Now Rupert has promised to do exactly that. He claims that he's going to take all of News Corp's websites pay-only and have them removed from Google when he does.
You know what? He's lying. But I think it'd be entertaining if every reporter who interviewed him, for the rest of his life, said, "Hey, Rupert, when are you going to take all your company's websites out of Google?" It'd also be hilarious to get the CEOs of the various pieces of Rupert's empire to comment on whether they want all their company's materials invisible to search engines.
Rupert also thinks that fair use is illegal and that the right court case would result in it being "barred altogether." Again, another hilarious interview question for the rest of his career: "Hey, Rupert, when are you going to abolish fair use? How's that plan coming, pal?"
Epic Win: News Corp Likely To Remove Content From Google (Thanks, Dustin!)
The revelation came early in the interview, after Murdoch claimed that Google and others are stealing News Corp content in response to a question about who he was talking about when he talked about plagiarists. "The people who simply pick up everything to run with, and steal our stories...they just take them..without payment. That's Google, Microsoft, Ask.com..a whole lot of people."
Murdoch claimed that readers who visit News Corp sites via search offer little value to advertisers, and that News Corp would rather have fewer people coming to their websites, but paying. Asked why News hasn't made its sites invisible to Google, Murdoch replied: "I think we will....but that's when we start charging."
Murdoch also claims that News Corp believes that the doctrine of Fair Use can be challenged in court and "barred altogether."
Update: So here's what I think it going on. Murdoch has no intention of shutting down search-engine traffic to his sites, but he's still having lurid fantasies inspired by the momentary insanity that caused Google to pay him for the exclusive right to index MySpace (thus momentarily rendering MySpace a visionary business-move instead of a ten-minutes-behind-the-curve cash-dump).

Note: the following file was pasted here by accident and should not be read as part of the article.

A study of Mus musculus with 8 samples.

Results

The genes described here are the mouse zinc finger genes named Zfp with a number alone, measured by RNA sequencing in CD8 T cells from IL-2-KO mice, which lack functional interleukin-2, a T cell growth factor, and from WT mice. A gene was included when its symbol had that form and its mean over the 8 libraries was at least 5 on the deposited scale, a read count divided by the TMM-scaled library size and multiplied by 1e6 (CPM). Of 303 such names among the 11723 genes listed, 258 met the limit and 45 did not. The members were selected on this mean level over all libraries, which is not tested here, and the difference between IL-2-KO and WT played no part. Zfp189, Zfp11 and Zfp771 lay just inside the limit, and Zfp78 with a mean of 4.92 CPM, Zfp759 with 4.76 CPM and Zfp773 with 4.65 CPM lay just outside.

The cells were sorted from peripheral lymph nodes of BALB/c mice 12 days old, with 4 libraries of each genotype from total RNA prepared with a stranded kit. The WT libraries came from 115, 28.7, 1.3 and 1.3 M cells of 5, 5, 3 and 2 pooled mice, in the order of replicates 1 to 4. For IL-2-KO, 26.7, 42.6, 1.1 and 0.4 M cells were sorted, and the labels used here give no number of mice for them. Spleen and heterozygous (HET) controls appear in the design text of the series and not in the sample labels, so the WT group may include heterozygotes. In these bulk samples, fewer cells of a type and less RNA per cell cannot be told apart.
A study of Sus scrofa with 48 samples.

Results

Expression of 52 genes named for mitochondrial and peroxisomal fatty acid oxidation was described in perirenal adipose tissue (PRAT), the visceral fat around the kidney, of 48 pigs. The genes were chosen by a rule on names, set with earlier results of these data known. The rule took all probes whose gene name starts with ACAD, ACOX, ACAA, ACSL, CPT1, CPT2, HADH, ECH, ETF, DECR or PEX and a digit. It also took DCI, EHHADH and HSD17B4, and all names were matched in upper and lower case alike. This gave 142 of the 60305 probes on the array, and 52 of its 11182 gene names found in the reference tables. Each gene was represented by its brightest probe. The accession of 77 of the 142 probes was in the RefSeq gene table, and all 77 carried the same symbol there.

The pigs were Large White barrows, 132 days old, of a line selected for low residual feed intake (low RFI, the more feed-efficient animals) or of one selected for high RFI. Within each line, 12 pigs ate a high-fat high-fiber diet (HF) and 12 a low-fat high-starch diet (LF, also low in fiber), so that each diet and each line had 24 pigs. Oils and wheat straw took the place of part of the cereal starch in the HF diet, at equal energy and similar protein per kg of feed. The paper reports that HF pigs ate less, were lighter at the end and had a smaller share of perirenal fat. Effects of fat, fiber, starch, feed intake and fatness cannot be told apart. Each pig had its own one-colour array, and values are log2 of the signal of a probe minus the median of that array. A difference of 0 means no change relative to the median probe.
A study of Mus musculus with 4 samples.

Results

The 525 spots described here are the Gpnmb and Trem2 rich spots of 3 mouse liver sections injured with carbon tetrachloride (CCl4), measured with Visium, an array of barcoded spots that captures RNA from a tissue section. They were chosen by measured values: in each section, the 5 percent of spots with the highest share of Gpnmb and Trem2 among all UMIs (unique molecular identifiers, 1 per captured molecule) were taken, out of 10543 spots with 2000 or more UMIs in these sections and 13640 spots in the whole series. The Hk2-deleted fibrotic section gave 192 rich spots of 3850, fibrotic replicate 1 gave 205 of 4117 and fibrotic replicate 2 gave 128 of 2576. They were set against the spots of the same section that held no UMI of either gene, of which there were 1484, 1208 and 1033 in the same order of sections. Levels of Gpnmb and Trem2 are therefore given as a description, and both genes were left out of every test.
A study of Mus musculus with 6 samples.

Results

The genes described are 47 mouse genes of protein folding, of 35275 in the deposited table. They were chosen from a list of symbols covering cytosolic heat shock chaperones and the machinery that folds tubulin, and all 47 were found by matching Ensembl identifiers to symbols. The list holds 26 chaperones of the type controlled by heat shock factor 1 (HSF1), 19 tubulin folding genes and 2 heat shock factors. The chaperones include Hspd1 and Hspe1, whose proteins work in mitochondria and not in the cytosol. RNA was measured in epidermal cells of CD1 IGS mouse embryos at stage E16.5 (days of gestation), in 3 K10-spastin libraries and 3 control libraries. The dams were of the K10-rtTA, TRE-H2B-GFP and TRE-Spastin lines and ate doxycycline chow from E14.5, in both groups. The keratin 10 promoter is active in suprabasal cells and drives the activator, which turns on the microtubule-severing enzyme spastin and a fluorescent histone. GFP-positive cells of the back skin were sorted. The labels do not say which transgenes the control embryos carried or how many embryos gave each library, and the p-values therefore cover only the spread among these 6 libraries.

So what he's hoping is that a second-tier search engine like Bing or Ask (or, better yet, some search tool you've never heard of that just got $50MM in venture capital) will give him half a year's operating budget in exchange for a competitive advantage over Google.
He may, in fact, get a taker. And it will be a disaster. A search engine whose sole competitive advantage is "We have Rupert Murdoch's pages!" will not attract any substantial traffic. The search engine will either go bust or fail to renew the deal.
On this fair use question, my guess is that some evil Richelieu in the legal department has been passing torrid whispers to Rupert about how the Berne Convention's "Three Step Test" for exceptions to copyright is overstepped by US fair use and by many countries' fair dealing rules. So Rupert thinks that he can take a case to the WTO (membership in the WTO is contingent on compliance with the Berne Convention) and get all these rules struck down.
Of course, Rupert's own media products make frequent and copious fair use of other copyrights -- you can't create without fair use. But the mustache-twirling lawyer at Newscorp probably didn't mention this to Rupert Palpatine (the lawyer probably thinks it'd be OK if every single one of those fair uses was replaced by a process in which lots of lawyers negotiated the terms of every use, probably all reporting to him).
They're wrong, of course. The WTO's rules -- and Berne -- are necessarily subservient to realpolitik, viz., the US gets $1 trillion of economic activity out of fair use, and it's not going to get rid of it because it makes some UN agency sad (if the UN mattered to the US, the US'd be paying the billions in back-fees it owes). And if the WTO imposes trade sanctions on the US, they'll just be ignored, because the world's factory-states (China, with also-rans such as India and Vietnam) can't afford to stop sending shipping containers full of Happy Meal toys to America. And if the WTO tries to embargo China, it'll quickly discover that the rest of the world isn't prepared to live without plastic tchotchkes and junkware either.
So good luck with that, Rupert. have a delightful, Howard-Hughesian dotage, acting out a crazed, Moby-Dick dumbshow against the Internet, hoping that the world's politics and economies will reform themselves to suit your fevered imaginings. This is how history will remember you.
I write books. My latest is a YA science fiction novel called Homeland (it's the sequel to Little Brother). More books: Rapture of the Nerds (a novel, with Charlie Stross); With a Little Help (short stories); and The Great Big Beautiful Tomorrow (novella and nonfic). I speak all over the place and I tweet and tumble, too.